UCOSA Passes Legislation to Change Bylaws

UCOSA Passes Legislation to Change Bylaws

Newly elected chair Tate Atkinson presides of Committee of the Whole to review new legislation before voting on whether or not to bring it to the floor. (Ryan Naeve/The Vista)

Legislation CB18-202 was passed with 15 votes in favor of the bill by the University of Central Oklahoma’s Student Association during a congressional meeting on April 9 that amends a section in the bylaws holding members accountable for violations.

“In the case that a Senator has a grievance against another Senator, including Congressional Leadership, legislation shall be drafted, which outlines the grievances,” Amended bylaws Chapter 2, Section 7 reads. “This legislation must be passed through any committee, voted on and passed with a 2/3 vote of the UCO Student Congress. In the case of the legislation passing, the Senator with grievances will resign.”

Remington Dean, UCOSA Chair was the sole author of CB18-202. The legislation was reviewed by Internal Affairs and recommended for “Do Pass”.

“The thought behind this came in three folds. The first, section A of the current bylaw does not state who is supposed to contact the member in question. Secondly, section B states that only the Chair, Vice Chair, Secretary, of Chair of ART can write the legislation to expel the member,” Dean said. “This limits the power of all senators because the Chair, Vice Chair, Secretary and ART Chair may all be friends and not want to write legislation that expels one another. The new version allows all senators to write the said legislation.”

As for the third fold, Dean said that the way that Chapter 2, Section 7 was written before the amendment made it sound like if a person were to get a speeding ticket then they should be kicked out of congress. Specifically, Dean is referring to the wording “Oklahoma state law”.

Dean said that the new legislation is more focused on a due process system instead of relying on a single complaint complaint from one person.

“It’s [the legislation] currently taking something that is a solid stance on what constitutes removing somebody from their position,” said Colten Kidd, UCOSA senator, before CB18-202 had been voted on. “You have to violate specifically some Oklahoma law or one of the UCOSA governing documents. Whenever you say, ‘issue a grievance’, that opens it up to a grey interpretation, a very open interpretation.”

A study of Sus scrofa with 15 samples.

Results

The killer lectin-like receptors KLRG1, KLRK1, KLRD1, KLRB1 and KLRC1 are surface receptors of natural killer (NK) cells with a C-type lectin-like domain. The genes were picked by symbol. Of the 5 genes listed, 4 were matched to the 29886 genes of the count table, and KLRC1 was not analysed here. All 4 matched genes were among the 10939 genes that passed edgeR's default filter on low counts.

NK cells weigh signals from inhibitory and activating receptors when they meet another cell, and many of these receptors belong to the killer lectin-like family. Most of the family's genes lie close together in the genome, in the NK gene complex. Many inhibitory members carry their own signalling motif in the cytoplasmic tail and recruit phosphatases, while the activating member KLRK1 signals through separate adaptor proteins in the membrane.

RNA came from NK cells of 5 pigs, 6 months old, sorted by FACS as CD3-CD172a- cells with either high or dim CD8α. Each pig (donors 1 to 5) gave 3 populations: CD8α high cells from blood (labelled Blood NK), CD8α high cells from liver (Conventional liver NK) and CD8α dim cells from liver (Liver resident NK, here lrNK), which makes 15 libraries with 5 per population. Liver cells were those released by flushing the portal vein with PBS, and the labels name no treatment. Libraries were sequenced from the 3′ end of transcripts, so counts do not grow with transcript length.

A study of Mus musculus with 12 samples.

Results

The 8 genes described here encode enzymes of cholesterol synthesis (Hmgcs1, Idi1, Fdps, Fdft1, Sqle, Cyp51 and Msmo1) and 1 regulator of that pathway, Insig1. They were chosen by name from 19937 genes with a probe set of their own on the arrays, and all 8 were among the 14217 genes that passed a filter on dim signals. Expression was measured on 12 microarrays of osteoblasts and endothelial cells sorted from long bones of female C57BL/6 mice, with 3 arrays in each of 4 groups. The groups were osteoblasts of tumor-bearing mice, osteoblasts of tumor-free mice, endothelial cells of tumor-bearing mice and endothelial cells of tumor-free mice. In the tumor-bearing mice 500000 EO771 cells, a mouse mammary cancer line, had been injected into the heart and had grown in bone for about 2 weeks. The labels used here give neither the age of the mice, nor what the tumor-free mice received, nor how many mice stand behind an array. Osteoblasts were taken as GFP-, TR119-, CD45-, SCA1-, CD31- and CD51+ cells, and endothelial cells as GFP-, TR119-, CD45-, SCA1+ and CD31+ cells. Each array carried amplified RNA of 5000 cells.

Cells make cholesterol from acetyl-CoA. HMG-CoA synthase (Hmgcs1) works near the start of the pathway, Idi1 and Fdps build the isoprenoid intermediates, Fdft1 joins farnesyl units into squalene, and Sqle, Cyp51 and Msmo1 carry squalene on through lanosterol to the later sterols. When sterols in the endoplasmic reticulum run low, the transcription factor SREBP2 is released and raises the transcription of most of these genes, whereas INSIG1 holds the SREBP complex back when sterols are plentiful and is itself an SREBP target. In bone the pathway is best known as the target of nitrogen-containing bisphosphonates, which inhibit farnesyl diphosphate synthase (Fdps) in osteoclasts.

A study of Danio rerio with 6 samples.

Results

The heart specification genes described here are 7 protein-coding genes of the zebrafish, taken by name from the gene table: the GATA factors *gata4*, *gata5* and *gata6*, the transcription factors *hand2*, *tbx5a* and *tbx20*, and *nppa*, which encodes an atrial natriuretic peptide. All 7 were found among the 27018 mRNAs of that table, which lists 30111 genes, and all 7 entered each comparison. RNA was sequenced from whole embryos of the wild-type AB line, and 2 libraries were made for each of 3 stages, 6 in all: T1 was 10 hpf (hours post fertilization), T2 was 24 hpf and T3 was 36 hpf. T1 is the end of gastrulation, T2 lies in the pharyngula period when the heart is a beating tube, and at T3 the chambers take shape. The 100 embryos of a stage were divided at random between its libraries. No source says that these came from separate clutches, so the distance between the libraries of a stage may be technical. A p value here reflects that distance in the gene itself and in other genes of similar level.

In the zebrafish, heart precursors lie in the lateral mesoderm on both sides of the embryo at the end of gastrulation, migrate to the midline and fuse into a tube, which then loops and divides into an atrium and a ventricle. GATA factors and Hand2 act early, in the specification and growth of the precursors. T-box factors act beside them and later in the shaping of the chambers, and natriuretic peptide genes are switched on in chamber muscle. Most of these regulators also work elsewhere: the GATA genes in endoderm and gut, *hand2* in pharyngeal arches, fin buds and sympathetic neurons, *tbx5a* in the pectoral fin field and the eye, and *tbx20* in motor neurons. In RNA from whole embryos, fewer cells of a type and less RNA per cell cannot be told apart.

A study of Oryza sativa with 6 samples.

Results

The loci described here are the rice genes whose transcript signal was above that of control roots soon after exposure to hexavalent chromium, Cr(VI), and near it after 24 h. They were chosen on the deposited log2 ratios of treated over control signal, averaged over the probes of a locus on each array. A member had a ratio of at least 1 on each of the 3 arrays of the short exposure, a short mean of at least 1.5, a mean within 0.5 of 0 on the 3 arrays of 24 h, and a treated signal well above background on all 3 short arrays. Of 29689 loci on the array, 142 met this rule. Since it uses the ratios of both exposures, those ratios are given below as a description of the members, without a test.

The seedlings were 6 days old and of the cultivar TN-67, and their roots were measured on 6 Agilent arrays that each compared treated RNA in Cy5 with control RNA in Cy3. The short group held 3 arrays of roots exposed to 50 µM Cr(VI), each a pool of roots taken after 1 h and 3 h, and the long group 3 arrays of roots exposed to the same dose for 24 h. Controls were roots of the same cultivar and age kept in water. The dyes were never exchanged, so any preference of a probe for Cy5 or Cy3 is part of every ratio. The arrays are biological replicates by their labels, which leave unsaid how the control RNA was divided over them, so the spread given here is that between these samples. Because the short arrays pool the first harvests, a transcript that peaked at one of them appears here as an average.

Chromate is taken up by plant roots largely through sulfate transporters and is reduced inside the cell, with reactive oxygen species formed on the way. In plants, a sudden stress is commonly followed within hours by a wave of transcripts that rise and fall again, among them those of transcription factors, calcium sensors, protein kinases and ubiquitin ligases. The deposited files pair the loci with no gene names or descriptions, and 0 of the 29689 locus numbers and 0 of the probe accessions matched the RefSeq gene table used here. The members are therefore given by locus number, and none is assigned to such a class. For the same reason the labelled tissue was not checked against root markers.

The original wording said that if a member of UCOSA had violated some Oklahoma state law, some UCOSA Constitutional Law, some UCOSA Statute or some UCO Student Congress Bylaw then that member would simply be asked to resign as stipulated by the following sections A, B, C and D recommend.

Before being amended, section A said that the member would need to be emailed by UCO email and asked to resign, but it does not specifically name who should send that email.

“I agree that we could probably make it [Chapter 2, Section 7] more specific on who takes the initial step with that email,” Kidd said before the legislation was voted on. “We could definitely expand upon that, but this is not the way to do it.”

Kidd said he believes there are some necessary changes that need to be made to the bylaws because he finds it hard to believe that when the bylaws were first written that UCOSA got everything 100 percent right.

However, Kidd said that UCOSA needs to carefully consider any potential consequences before bylaws are changed.

The bill had passed after a debate with Kidd and Sen. Camillo Ulloa against, and Dean and Sen. Joshua Barnett for the legislation and then it passed on a roll-call vote.

I think that because of this legislation passing, it shows the integrity of UCOSA,” Ulloa said after the bill was passed. “Which I feel that I would probably rather resign as a senator because we are talking about law. It’s black or white. Follow the law or not.”

Before Monday’s meeting, UCOSA violated the Oklahoma Meetings Act by not posting the agenda outside of the UCOSA office or online for the April 9 Congressional Meeting within the appropriate time frame.

“In addition to the advance public notice in writing required to be filed for regularly scheduled meetings, all public bodies shall, at least twenty-four (24) hours prior to such meetings, display public notice of said meeting, setting forth thereon the date, time, place and agenda for said meeting, such twenty-four (24) hours prior public posting shall exclude Saturdays and Sundays and holidays legally declared by the State of Oklahoma,” OMA Section 311 under A, 9.

The agenda for April 9 was uploaded to UCOSA’s OrgSync page April 8 at 2:12 p.m., but without posting it publicly outside of their office in 24 hours before the meeting, excluding weekends and holidays, then it was a violation.